Image courtesy of marfis75 at Flickr (CC BY-SA 2.0)
Maybe more interesting because we now have a more complete understating of events is the discussion of the recent man-in-the-middle attacks against Google users in the same article.
Once again, this is not an example of a broken system (certificates and PKIs are fine!), but an example of part of a system being managed improperly. Follow the rules, and the system as a whole operates as expected. Introduce a weak link, and there will invariably be someone ready an willing to exploit that vulnerable element. My house is relatively secure if I don't share the key or make copies and given them away. If I leave the key under a flower pot (I don't!), I weaken the security of the system.
Given the desire to ensure a stable user experience, machine trusted root certification authority stores contain root certificates from many companies that you may have heard of, as well as many that are perhaps less familiar to you. By trusting root authorities "out of the box", and relying on vendors to ensure participants in their "trust programs" are worthy of such trust, we benefit by being more assured than we otherwise could be that the remote party on the other end of an HTTPS connection is actually who it (the server) says it is. The Google blog post linked above reads: "The attacker used a fraudulent SSL certificate issued by DigiNotar, a root certificate authority that should not issue certificates for Google (and has since revoked it)." Put differently, DigiNotar (a Dutch certificate authority owned by an Illinois based company) issued a certificate to an entity claiming to be Google, who were not Google. Wired has a great account of what happened, and illustrates the one possible outcome for companies when security is sacrificed or ignored - bankruptcy. When you are a central point in a trust hierarchy and can no longer be trusted, the effects are likely to be devastating. The security behind the model is not broken, there were simply critical gaps in the controls that DigiNotar had in place. For example, to be bundled as a trusted root in Microsoft's Windows Root Certificate Program, you need to meet very specific requirements. According to the Wired article that discusses DigiNotar, many of these did not appear to be in place.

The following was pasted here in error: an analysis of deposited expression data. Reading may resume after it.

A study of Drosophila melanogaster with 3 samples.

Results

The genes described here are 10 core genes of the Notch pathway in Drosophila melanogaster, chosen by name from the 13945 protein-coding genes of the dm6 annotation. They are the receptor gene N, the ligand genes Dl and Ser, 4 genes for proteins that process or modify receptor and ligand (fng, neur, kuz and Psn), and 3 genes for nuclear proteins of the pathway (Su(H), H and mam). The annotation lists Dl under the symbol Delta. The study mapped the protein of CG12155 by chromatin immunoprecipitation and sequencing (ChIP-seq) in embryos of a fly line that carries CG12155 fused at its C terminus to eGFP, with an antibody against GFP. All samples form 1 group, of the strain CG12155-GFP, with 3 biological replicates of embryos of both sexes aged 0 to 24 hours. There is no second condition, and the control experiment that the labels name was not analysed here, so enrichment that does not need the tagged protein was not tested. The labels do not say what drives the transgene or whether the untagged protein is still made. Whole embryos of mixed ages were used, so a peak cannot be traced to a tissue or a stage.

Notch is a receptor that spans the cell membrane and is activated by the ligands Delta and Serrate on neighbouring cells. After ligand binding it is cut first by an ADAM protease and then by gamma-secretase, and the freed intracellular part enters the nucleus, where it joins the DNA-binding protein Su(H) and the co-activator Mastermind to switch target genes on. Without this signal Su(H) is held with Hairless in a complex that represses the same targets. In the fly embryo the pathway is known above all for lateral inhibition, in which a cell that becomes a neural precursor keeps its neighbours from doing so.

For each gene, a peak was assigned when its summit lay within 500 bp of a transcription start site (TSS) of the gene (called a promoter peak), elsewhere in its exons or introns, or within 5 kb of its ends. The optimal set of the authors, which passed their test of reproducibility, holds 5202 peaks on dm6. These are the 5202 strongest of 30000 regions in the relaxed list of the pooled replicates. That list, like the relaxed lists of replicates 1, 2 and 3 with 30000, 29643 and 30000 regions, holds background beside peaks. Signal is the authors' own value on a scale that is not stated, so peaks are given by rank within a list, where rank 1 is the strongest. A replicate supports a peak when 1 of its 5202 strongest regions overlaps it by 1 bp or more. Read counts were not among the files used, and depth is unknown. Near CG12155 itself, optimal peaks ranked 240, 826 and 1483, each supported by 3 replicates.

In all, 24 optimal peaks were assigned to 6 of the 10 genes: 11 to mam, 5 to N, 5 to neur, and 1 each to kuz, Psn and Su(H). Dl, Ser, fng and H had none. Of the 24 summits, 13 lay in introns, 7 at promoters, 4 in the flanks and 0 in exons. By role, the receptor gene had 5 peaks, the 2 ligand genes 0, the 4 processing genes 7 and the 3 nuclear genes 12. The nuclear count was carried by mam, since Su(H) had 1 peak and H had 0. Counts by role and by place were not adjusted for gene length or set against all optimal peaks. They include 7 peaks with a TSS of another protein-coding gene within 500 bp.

With limited oversight of practices and no requirement for audit from a central authority or regulatory body, there will always be a risk that some authorities may serve as a weak link. Thankfully, as Google's account of the issue suggests, the techniques to detect this kind of abuse continue to improve. Let this also serve as a lesson for CAs and for users/administrators:
For certificate authorities? Trust needs to be earned, and just as in life actions you take can irrevocably damage that trust.
For administrators and users? Think carefully about who you add to your trusted root certificate authority stores!